So is that what it takes to be a “faith-based” organization now? In some ways, it appears that these businesses get the best of all worlds: an ability to proselytize to employees and inject their biblical worldview, but without the onus that true ministries have to actually improve the lot of the poor. Instead, they not only get to build their profit for their own comfort, but receive the benefit of tax write offs for giving parts of those profits to true faith-based organizations, who also then do not have to pay taxes because they are religious organizations and non-profits.

There have been over 100 lawsuits against the contraception coverage mandate in the Affordable Care Act, with a majority of them being filed by so-called “faith-based” businesses. In some cases, with religious educational institutions like Notre Dame, the affiliation makes sense. In others, such as Hobby Lobby, the designation becomes a little more tenuous. After all, does giving millions of dollars in profit to religious groups and organizations really mean that you yourself are a faith-based business? Or does it just mean you’re using your own specific belief system when you are trying to whittle down your profits in order to minimize your tax liability?
Although Adam was not an entrepreneur, the first thing God did when He created Adam was to give him a job (Genesis 2:15). We are created to work, to use our minds and our hands to subdue this world and rule over it (Genesis 1:28). Scripture praises industriousness and hard work (Proverbs 14:23; 31:27; Ephesians 4:28). By contrast, those who are idle are harshly reprimanded (Proverbs 19:15; 2 Thessalonians 3:6). We are instructed to make it our “ambition to lead a quiet life: You should mind your own business and work with your hands” (1 Thessalonians 4:11).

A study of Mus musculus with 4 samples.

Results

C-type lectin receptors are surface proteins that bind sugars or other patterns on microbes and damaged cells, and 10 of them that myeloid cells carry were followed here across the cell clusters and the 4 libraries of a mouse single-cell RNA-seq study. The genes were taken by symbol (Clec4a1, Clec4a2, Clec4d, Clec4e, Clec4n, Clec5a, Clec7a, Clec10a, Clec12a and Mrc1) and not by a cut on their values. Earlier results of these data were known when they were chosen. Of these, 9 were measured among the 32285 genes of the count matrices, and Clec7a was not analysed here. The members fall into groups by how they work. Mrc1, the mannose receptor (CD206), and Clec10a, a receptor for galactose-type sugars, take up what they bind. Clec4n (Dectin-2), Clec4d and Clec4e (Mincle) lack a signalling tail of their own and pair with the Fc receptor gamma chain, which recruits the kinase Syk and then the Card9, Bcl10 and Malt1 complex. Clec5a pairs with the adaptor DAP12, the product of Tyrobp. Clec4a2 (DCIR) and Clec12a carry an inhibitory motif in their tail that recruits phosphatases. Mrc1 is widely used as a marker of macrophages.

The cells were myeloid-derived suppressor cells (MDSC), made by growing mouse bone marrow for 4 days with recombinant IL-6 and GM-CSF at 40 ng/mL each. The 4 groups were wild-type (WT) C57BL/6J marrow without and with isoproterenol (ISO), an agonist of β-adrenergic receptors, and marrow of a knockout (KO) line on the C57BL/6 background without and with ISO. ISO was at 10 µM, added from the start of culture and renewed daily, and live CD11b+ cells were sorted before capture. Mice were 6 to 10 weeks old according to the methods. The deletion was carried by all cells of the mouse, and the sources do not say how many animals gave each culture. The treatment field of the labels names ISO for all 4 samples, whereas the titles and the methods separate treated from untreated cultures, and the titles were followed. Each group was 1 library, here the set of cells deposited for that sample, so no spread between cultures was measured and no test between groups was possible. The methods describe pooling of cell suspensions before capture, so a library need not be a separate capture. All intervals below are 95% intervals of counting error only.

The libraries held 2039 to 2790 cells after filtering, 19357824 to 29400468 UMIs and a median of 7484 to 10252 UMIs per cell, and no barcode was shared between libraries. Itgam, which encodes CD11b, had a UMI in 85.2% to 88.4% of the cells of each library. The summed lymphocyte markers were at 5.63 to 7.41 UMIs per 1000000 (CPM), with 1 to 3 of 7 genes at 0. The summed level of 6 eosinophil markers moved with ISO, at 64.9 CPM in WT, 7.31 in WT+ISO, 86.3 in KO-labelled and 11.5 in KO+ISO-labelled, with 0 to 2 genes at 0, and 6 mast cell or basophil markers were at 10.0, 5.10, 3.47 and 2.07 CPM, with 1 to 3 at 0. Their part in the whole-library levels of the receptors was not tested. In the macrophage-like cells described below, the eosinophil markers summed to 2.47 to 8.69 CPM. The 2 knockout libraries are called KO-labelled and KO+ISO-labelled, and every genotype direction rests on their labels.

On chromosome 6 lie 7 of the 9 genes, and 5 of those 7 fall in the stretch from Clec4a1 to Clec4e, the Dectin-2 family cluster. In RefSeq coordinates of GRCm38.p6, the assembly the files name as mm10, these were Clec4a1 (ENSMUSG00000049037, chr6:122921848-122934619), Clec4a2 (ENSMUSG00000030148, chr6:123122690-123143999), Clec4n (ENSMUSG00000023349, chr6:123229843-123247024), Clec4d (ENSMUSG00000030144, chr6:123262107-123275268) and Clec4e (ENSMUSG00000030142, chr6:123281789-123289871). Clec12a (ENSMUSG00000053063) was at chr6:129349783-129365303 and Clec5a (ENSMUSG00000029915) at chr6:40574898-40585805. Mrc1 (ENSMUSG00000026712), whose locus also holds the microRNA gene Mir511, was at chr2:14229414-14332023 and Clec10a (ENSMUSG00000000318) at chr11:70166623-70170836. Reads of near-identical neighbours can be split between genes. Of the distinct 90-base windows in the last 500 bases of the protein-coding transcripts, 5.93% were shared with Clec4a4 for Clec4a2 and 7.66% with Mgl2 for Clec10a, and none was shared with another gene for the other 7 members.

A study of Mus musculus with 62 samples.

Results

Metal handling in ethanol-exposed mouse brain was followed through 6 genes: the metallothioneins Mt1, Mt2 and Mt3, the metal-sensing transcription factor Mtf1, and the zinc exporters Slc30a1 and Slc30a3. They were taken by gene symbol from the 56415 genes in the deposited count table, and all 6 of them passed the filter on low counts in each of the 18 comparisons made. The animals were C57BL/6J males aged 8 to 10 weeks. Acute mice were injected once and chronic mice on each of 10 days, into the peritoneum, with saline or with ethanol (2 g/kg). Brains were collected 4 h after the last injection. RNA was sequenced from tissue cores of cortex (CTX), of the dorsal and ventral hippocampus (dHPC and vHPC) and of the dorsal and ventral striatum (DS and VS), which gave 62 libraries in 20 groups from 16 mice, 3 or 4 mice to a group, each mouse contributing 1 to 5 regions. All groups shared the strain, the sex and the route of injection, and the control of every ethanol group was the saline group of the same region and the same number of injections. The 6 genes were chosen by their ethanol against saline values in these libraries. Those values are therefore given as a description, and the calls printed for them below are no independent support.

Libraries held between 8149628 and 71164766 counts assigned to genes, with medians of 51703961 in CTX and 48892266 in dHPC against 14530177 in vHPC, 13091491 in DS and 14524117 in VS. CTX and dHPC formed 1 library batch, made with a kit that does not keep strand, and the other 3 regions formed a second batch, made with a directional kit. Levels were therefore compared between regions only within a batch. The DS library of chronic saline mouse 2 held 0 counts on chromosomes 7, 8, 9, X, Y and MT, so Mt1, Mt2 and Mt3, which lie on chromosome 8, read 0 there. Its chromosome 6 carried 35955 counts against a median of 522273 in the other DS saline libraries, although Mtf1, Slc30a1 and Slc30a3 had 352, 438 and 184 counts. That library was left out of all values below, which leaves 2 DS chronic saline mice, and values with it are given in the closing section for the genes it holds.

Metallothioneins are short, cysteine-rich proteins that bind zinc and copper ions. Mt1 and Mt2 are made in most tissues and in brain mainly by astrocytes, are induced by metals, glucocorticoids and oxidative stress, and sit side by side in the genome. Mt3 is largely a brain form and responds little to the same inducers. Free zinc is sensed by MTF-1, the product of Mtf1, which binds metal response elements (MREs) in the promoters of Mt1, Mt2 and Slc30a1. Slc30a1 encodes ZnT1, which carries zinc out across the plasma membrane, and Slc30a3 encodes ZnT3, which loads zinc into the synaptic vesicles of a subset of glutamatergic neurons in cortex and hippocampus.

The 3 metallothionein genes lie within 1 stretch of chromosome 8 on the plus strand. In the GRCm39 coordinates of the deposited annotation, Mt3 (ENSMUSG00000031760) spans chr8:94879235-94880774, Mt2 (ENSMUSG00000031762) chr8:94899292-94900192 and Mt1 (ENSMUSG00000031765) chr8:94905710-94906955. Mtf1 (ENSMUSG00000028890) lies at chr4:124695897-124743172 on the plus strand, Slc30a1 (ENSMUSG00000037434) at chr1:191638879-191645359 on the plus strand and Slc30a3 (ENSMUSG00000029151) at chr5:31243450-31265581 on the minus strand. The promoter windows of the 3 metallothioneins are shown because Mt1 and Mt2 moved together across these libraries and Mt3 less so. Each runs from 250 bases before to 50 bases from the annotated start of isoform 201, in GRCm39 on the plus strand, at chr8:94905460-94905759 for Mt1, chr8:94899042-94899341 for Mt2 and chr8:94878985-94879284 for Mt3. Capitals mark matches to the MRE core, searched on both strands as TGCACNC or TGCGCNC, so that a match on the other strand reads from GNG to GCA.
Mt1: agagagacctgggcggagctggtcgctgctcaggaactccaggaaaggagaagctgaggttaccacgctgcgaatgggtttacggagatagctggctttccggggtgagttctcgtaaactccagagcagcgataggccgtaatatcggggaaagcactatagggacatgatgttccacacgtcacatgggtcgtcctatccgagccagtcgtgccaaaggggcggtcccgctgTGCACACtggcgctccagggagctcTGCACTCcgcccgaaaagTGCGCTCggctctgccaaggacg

Still, the owner, Doug Erickson, insists it is a religious company because, when it was failing and he thought about selling them off, he “gave it over to God” and now it makes money. “Erickson believes that his role as President and majority shareholder of the Dealerships is that of a steward of a business given to him by God and that his employees are God’s children who are entrusted to his care. He regards it as his religious duty to operate the Dealerships in conformity with his religious beliefs,” states the complaint. It also notes that he believes his company is a “marketplace ministry,” meaning he evangelizes to his employees and customers — a fact that I’m sure some of his customers would no doubt prefer to be made aware of before coming to shop.
Think for a moment about selling a $49.95 e-book with 50% commission… you make $24.97 when you cause that websurfer to click their mouse button. Gee, if only you had a “plan of attack” to learn how to start your own Christian home-based business, instead of always chasing your tail and wondering where to start and what to do next! Ohhhh… wait a second. We offer that to you!
I highly respect those who subscribe to the school of thought that there should be nothing professional about Christian ministry. I understand where you’re coming from. I’ve read John Piper’s book, Brothers, We Are Not Professionals. It’s a great book. It reminds us that we’re not just here to analyze markets and produce numbers. I completely agree.
What if on top of that you had access to e-books, reports, video’s, software and tutorials to teach you everything you need to know about every type of Internet marketing and online prosperity that you could possibly need? What if you had products to promote and sell as your own? Then, what if you were taught how to create your own products for even more prosperity? Then, what if on top of all that you had a Christ-centered learning center to fully support your efforts? Even better, what if you’re cash poor and many of the marketing tactics you’re being taught didn’t cost you a penny?